75 Significant Books, Part One

75thStacked_smallAs the largest and most diversified press between Chicago and California, the University of Nebraska Press is best known for publishing works in Native studies, history, sports, anthropology, geography, American studies, and creative works.

In celebration of the press’s seventy-fifth anniversary, the staff has selected seventy-five of the four thousand books UNP has published since 1941 to represent what is most distinctive and significant about our list. We have included books we originally published under the Nebraska imprint, the Bison Books imprint, the Potomac Books imprint, and the Jewish Publication Society collaborative agreement. When we have selected a book series we have listed the year the first book in the series was published.

Here are the first eight significant books.

  1. Roundup: A Nebraska Reader (1957) complied and edited by Virginia Faulkner. The ninety-odd pieces were selected for their richness in human interest, historical significance, and entertainment value. This is a collection of native Nebraska writers convincing its readers that there is indeed no place like Nebraska.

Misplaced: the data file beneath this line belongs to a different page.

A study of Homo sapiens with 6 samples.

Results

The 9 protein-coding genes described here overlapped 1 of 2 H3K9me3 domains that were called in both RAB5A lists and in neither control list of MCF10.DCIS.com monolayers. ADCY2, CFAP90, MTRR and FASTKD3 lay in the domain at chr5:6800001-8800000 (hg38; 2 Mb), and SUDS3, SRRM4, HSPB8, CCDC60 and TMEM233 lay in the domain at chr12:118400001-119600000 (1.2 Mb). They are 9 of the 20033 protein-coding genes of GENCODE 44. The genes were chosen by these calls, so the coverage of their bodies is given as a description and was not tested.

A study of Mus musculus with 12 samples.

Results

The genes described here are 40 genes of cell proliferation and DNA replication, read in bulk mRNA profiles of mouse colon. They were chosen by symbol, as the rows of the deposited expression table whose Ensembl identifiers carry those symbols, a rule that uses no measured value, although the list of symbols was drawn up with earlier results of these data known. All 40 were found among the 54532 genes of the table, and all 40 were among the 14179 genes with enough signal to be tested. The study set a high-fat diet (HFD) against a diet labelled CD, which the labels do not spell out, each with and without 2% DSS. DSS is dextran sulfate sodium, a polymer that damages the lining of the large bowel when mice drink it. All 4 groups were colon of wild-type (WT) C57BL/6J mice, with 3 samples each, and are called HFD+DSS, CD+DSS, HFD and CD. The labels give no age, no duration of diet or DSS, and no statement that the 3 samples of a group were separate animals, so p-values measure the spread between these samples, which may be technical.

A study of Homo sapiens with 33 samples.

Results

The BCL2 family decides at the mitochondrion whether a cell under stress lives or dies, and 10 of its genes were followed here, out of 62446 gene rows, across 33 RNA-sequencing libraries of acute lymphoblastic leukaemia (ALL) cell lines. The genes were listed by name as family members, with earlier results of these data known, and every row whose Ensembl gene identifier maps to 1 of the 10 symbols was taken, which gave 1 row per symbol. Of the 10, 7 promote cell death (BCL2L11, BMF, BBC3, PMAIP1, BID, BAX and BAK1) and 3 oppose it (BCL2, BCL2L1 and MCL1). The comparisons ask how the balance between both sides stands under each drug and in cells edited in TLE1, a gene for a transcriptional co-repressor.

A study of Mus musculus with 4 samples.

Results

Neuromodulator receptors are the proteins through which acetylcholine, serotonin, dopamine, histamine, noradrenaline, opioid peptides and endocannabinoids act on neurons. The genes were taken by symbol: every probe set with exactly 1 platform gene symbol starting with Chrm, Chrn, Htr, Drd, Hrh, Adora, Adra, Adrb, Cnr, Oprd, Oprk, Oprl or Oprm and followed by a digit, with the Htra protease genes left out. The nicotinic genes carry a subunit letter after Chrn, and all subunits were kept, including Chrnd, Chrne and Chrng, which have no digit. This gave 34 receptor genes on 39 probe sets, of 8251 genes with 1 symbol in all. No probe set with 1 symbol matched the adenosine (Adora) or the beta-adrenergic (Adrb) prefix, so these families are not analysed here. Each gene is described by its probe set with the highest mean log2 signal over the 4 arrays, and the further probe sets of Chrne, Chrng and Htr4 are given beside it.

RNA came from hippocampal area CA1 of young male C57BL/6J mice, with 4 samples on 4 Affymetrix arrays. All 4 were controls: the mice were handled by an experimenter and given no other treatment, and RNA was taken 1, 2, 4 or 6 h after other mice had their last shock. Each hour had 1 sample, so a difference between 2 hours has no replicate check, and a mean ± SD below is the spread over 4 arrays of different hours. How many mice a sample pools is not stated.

2. Nebraska Folklore (1959)  by Louise Pound. Put together the year after Pound’s death, this collection is made up of her best works in folklore. Going beyond Nebraska, the book ends with studies of the origins of American cowboy and folk songs and of the use of dialect in folklore.
  3. Black Elk Speaks: Being the Life Story of a Holy Man of the Oglalas Sioux (1961) by John G. Neihardt. The story of the Oglala Lakota visionary and healer Nicholas Black Elk (1863–1950) and his people during momentous twilight years of the nineteenth century.
  4. Crazy Horse: The Strange Man of the Oglalas (1961) by Mari Sandoz. The classic story of legendary Sioux military leader Crazy Horse.
  5. The Collected Poems of Weldon Kees (1962) edited by Donald Justice. A showcases of the dark brilliance and absorbing vision of one of America’s most fascinating artistic and literary figures, Weldon Kees (1914–55).
  6. A Cycle of the West (1963) by John G. Neihardt. A sweeping saga of the American West and Neihardt’s exhilarating vision of frontier history. It celebrates the land and legends of the Old West in five narrative poems: The Song of Three Friends (1919), The Song of Hugh Glass (1915), The Song of Jed Smith (1941), The Song of the Indian Wars (1925), and The Song of the Messiah (1935).
  7. The World of Yesterday (1964) by Stefan Zweig. The autobiography of Austrian writer Zweig detailing his life as a young artist at the turn of the century.
  8. A Primer for Poets (1965) by Karl Shapiro.